The rear brake swap is not impossible, but it can be difficult. I wouldn’t try it unless you have some decent experience under your belt. The reason for this “disclaimer” is that it requires nearly the complete disassembly of the rear suspension. Some believe that this swap isn’t necessary to complete an effective brake upgrade on the 240SX, but I wanted to go all out as well as have a complete swap to write this series!
- non-turbo Z32 e-brake/splash shield setup
- non-turbo Z32 hub/bearing
- R33 skyline GT-S e-brake cables (swap here)
- SPL Parts or PDM Racing SS brake lines
- Jack, Jack stands and Wheel Chocks
- Metric Sockets and Wrenches
- Flare Wrench (optional but handy)
- 12 mm x 1.25 pitch tap
Some people have been able to utilize the aluminum 300ZX upright, but it requires shocks with the correct lower mount. (SCC used JIC’s shocks with the aluminum uprights)
I’ve talked to many people regarding turbo vs non-turbo rear parts. Calipers and rotors are the same, however the e-brake hardware and hubs are different. The only year the hub was separate from the e-brake hardware was the non-turbo 1990. After that, the hub has the stud for the e-brake built in. In that case, you need to make sure to find non turbo hardware in order to get the correct axle splines. I always recommend, if possible, try to source all the parts from the same car. This will simplify parts compatibility.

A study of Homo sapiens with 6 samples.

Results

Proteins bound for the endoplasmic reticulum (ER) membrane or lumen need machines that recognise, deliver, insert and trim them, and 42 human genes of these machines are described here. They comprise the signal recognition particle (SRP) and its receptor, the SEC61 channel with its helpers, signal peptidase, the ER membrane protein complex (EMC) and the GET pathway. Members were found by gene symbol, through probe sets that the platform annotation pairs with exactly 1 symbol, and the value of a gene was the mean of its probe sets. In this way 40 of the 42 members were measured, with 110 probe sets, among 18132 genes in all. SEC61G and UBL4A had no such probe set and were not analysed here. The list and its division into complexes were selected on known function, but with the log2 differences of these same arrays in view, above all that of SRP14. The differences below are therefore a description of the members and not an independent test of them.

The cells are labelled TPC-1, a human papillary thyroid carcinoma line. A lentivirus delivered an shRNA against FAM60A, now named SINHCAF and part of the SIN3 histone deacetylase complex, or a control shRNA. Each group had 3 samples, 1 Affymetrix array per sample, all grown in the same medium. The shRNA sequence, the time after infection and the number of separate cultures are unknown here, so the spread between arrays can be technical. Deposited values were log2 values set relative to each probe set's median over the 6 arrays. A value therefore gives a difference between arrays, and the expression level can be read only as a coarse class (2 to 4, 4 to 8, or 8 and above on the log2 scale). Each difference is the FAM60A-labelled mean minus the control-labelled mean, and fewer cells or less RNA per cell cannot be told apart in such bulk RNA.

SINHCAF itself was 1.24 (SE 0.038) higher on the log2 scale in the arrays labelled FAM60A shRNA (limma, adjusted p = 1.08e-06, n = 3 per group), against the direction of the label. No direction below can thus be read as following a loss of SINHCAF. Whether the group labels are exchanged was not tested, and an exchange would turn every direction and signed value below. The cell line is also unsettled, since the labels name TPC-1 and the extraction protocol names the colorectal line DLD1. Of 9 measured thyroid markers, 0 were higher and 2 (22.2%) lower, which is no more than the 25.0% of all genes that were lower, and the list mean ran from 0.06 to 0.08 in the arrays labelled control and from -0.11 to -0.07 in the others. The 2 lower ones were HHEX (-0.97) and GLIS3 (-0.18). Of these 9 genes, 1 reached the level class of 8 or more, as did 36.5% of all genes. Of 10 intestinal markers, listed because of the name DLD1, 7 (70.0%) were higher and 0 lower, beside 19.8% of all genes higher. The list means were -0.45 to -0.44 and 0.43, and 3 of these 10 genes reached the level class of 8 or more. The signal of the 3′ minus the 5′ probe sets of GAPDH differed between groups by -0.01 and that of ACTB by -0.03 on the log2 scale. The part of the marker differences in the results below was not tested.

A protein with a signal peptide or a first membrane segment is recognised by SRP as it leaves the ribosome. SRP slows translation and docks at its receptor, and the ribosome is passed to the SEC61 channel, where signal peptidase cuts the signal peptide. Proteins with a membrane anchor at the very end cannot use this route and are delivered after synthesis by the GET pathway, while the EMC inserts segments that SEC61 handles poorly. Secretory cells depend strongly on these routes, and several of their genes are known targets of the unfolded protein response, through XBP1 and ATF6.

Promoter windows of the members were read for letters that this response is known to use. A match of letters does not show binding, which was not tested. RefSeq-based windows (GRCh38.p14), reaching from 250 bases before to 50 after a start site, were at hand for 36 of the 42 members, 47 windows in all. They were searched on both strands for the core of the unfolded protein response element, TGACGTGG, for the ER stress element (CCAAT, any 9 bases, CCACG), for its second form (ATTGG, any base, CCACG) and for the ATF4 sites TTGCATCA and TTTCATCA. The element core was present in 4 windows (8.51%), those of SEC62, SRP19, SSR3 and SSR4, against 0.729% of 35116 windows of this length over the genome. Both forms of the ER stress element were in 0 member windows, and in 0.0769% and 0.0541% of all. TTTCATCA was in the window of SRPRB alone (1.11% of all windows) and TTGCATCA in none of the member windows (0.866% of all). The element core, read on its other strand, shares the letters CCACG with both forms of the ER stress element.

As you will see, there is a large hole in the original knuckle. This hole is used by the e-brake/backing plate hardware. The chances of this working smoothly are pretty slim. The hole has probably corroded over time and needs to be cleaned. A dremel tool with a grinding bit should do the trick. If this doesn’t work then you can use the big nut and an impact gun to act as a press. Make sure the holes are lined up properly. If you get them off center, the rest of the hardware will not bolt on properly and it’s very difficult to pull apart. Alignment is much easier if you place the hub/bearing assembly in the middle and slowly thread it’s bolts in while you tighten the large nut for the e-brake hardware. Make sure all of the nuts and bolts are tight.
Begin reinstalling the knuckle. First, you will need to pass the e-brake cable through the sub frame (if already installed). Let the cable rest on the sub frame for now. Next, attach the lower ball joint, slide the axel back into the bearing, and reattach the rest of the control arms. With everything in, you can install the rotors and calipers, if you haven’t already done so.
Ideal, alternative setup:
PDM racing and SPL Parts offers rear conversion lines that will be much easier to install and require no fabrication!
The e-brake cable installation/swap is one of the least straight forward parts of this entire swap and deserves its own page. I cover cable splicing and refer to a few more desirable options.
With all of the brake components bolted in place, bleed the brakes or move on to the Master Cylinder installation. The next sections will cover the e-brake swap and master cylinder swap. Click the link below for the complete series.